Supes Vote to Ban Menthols and Flavored Cigarettes

Mayor Lee is expected to sign the ban on flavored tobacco products into law, which would go into effect April 1, 2018.

Health organizations have long seen smoke and mirrors in the sale of candy-flavored blunts, e-cigarettes, and other flavored tobacco products, arguing that these are “starter” products the tobacco industry uses to get kids hooked on smoking. The San Francisco Board of Supervisors apparently agrees, and Tuesday night banned the sale of all flavored tobacco products — including menthol cigarettes — in the city of San Francisco.

When District 10 Supervisor Malia Cohen proposed the flavored tobacco ban back in April, it was slated to go into effect on January 1, 2018. The version that passed unanimously at Tuesday’s board meeting moves that date back to April 1, 2018, in a compromise move to the retailers and corner stores that would be affected. (According to the Examiner, there are 726 retail locations that sell tobacco in San Francisco.)

“Today, San Francisco sent a clear message that we need to do more to protect the health of our most vulnerable,” Supervisor Malia Cohen said in a news release. “Tobacco-related cancers lead all other cancer death rates in San Francisco, for both men and women. This legislation will reduce the number of new tobacco users that pick up the habit each year. The federal government continues to abdicate it responsibility to protect public health through its ongoing attempts to roll back health care access. It is the right and duty of states and localities to ensure that our communities are healthy, solvent, and safe.”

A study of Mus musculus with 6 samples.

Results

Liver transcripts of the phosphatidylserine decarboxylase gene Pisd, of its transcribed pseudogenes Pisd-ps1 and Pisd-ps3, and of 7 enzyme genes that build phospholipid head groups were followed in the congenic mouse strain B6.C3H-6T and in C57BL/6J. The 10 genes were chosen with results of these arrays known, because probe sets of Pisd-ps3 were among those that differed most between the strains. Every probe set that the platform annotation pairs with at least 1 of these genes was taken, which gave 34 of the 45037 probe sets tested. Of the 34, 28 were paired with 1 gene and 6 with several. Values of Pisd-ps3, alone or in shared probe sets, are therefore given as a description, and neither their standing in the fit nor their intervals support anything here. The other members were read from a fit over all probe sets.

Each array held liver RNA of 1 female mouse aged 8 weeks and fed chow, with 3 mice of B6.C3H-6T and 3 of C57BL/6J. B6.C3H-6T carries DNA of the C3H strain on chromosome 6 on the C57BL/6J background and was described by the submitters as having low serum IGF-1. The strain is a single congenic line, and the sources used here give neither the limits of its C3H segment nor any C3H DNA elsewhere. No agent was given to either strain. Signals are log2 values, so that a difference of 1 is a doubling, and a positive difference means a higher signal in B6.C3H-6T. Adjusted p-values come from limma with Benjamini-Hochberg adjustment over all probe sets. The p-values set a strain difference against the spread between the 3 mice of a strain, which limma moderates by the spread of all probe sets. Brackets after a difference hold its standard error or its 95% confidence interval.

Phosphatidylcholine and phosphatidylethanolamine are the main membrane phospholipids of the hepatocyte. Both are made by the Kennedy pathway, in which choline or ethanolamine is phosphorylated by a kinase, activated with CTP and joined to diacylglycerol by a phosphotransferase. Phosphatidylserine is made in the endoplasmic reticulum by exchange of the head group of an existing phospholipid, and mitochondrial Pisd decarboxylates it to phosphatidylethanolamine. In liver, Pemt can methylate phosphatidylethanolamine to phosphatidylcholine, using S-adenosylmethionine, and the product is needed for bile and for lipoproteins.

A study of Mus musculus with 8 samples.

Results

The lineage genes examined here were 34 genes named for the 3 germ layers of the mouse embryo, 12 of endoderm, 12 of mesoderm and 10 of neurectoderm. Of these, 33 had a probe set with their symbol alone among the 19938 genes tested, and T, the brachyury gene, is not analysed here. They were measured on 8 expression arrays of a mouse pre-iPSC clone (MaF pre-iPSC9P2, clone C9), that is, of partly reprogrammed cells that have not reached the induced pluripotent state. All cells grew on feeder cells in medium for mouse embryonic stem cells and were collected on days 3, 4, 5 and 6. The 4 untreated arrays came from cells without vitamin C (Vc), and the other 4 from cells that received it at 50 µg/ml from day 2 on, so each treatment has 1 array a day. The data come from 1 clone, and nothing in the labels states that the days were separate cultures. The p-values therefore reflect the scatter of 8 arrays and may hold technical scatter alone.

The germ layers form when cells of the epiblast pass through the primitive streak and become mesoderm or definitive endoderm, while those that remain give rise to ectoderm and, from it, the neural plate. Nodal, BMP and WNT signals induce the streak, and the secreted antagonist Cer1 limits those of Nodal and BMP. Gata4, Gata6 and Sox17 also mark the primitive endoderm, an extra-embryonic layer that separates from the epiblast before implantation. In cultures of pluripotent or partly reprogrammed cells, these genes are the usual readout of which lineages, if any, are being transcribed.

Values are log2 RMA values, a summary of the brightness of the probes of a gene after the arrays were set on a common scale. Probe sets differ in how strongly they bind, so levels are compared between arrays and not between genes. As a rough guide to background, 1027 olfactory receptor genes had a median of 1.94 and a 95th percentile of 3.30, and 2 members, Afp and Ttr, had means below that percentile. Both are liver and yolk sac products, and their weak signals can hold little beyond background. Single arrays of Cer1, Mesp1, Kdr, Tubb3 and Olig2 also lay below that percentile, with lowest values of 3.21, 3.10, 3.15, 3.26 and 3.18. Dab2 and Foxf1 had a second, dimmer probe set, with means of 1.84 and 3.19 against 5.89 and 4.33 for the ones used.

There are two sides to the economic impact of the menthol and flavored tobacco ban. The City Controller’s Office of Economic Analysis estimates that more than $50 million worth of menthols are sold in the city each year, so there’s certainly some economic and tax impact. (That figure only includes menthol cigarette sales, not any other forms of flavored tobacco.) On the other hand, Supervisor Cohen argues that tobacco costs San Francisco “$380 million per year in direct health care expenses and lost productivity.”

When the ban goes into effect, you’ll still be able to smoke menthols and flavored cigars, cigarillos, and vape products within San Francisco city limits. But no retail stores in San Francisco will be allowed to sell them, which may send some smokers on frequent trips to Oakland or Daly City.

Though the ban passed the Board of Supervisors unanimously Tuesday, it would still need to be signed by Mayor Lee before becoming law. Lee has indicated he will approve the ban.